LPs to .WAVs: 24/96 or 24/192 ?, USB drive OK ?

I will soon be undertaking the major project of
archiving 100s of LPs to a 120G USB hard drive(s).
Does anyone here think it would be worth it to
record at 24/192 instead of 24/96 ?

If so, any recommendations for a 24/192 card ?
The WAVETERMINAL 192X is the only card I have found so
far for under $500.

Will a USB drive suffice for both record and playback ?
Any speed concerns ?

USB drives should work fine, but Firewire is a superior connection. The drawback of high sampling rates is that they take up a greater amount of disk space. 192kHz will require 4x the space as 44kHz. Don't forget that for safety reasons you'll also have to backup your data. The sonic benefits of recording at the higher rates depends upon the type of music you'll be recording. Most rock type music really doesn't benefit from anything more than 44kHz. Music with a wider dynamic range would be a better candidate for higher sampling rates.
Check out the Lynx Two card which is marketed by HHB. Go to www.hhbusa.com for info. It will do 192Khz.

As to whether it's worth it, I slightly disagree with the above post. Hard disk space is cheap. Yes, it will take twice as much space, but either way, you will need more than 120 gigs for archival purposes. I guess it takes about five or six gigs at 24/96 for a typical LP, and 10 or 12 at 24/192. The real problem will be that, if you want to do any normalization, denoising, depopping, etc, those large files take a LONG time. I have a 1.3 GHz Pentium IV computer and a I bulk denoised/depopped//downsampled/etc a 45 minute LP. It took about 35 minutes of processing time. At 192KHz, you're talking about 70 minutes.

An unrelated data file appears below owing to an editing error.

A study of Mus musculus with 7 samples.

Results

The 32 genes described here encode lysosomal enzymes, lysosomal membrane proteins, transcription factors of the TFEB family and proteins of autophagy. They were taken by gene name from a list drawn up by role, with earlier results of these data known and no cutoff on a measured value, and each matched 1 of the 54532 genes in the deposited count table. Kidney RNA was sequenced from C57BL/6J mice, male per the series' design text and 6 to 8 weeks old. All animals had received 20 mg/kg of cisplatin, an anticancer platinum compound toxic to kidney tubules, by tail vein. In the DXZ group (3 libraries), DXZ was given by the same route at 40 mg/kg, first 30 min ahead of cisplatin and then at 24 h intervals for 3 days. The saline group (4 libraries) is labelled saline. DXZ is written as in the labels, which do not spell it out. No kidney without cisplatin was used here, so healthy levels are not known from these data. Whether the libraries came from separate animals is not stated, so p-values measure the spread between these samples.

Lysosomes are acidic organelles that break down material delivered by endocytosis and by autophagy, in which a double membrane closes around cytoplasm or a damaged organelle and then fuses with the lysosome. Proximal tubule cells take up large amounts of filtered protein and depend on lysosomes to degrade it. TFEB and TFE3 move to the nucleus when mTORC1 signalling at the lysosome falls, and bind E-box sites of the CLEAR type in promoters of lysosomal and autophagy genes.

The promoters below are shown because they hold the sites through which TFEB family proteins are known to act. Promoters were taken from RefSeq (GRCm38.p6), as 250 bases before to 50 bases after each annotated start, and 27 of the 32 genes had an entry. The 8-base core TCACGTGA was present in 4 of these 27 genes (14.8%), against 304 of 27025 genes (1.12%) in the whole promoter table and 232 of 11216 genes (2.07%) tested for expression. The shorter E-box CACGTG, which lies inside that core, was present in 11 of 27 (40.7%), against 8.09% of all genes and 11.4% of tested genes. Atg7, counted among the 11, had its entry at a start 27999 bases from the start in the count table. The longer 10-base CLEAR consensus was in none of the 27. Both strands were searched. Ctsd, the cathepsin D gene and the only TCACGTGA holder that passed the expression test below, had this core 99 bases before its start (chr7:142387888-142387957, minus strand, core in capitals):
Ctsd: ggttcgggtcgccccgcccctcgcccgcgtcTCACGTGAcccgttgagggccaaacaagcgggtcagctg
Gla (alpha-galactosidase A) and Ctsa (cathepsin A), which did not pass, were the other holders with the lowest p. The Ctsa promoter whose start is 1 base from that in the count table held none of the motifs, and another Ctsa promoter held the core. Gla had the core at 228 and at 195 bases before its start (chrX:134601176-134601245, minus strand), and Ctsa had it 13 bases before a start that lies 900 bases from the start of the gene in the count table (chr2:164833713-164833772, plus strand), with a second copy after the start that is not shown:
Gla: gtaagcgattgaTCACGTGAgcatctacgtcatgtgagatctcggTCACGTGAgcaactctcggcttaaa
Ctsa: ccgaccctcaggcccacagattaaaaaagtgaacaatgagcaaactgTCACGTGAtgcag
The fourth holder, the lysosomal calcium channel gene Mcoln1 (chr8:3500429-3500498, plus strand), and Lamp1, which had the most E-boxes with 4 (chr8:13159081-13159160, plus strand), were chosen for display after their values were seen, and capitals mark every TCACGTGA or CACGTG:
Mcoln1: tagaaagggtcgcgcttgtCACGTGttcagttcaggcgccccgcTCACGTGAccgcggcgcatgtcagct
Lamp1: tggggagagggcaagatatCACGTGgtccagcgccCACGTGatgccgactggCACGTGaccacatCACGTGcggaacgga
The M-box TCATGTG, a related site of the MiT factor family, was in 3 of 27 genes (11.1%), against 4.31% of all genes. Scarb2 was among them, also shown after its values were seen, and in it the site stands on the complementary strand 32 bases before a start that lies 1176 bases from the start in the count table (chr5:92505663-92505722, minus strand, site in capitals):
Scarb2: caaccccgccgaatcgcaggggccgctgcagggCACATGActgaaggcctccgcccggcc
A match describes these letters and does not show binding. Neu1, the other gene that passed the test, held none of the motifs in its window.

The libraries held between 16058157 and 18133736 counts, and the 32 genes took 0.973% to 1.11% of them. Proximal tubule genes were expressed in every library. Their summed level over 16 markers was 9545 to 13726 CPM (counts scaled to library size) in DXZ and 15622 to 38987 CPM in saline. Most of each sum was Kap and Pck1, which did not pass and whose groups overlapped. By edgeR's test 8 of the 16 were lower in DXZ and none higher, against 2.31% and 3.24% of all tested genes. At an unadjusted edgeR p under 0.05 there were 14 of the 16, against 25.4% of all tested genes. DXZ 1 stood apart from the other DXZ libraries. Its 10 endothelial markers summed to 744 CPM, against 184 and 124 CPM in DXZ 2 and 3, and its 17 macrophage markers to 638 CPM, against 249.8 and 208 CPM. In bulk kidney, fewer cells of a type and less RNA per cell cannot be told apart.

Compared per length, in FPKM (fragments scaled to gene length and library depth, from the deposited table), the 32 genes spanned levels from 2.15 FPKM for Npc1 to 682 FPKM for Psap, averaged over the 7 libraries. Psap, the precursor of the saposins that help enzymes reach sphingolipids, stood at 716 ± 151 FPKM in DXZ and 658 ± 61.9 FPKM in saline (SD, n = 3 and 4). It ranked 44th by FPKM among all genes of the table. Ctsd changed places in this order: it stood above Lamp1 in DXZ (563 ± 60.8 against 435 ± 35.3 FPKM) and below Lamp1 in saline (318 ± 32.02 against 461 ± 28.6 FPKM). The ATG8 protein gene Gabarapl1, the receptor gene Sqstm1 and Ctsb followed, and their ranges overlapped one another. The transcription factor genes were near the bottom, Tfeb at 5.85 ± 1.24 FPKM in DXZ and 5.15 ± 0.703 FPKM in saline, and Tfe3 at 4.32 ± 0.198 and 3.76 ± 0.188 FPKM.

I personally do not think it is worth the extra $$ or inconvenience to do 192, especially if you are only going to down sample it to 16/44. You really won't hear the difference.

Interestingly, I got into this game about 6 months ago for the same reason as you and I went through the same quandry. I opted for the Digital Analog Labs Card Deluxe which does 24/96. I am very happy with the card and the process. But in the process of listening to dozens of albums as I was copying them, I fell in love with vinyl and now only listen to the cd's in the car!

Either way, if you can find a software package that will take a 24/96 wav file and convert it to DVD-A, let me know - I'd love to try it out.
For most (probably all) commercial recordings, even 24/96 is overkill. Remember, your LPs do not even have the dynamic range of CD. Nothing wrong with using higher resolution, and it might buy you some margin for error. But 24/192 in this case would be a pure waste of disk space.
Let me correct my above statement. Regarding what type of music would benefit from using higher sampling rates, it's more complex than dynamic range. Most pop/rock music is heavily processed and although not as a direct result it also has a limited dynamic range. My experience is that the heavily processed music really doesn't benefit from using the higher sampling rates. Possibly more important than the sampling rate is the bit depth. My experience is that all types of music benefit from using 24 bit A/D converters.

Gboren is correct, hard disk space is cheap, however, there are problems with installations containing multiple large hard disks drives. Unlike vinyl discs or even CDs, your hard disk drive will not last forever. Eventually, it will crash. You will need a method to back up your data. Paradoxically, the cheapest way to back up data is via added hard drives. Internal hard disk are convenient and don't generate the noise problems that external drives can. Unfortunately, most computer have only limited drive space and heat management (the major cause of drive failure) can become an issue.

Although somewhat pricey, the Lynx card is considered the best sounding computer card with built in converters. RME cards are less expensive, but they don't do 192kHz, only 96kHz.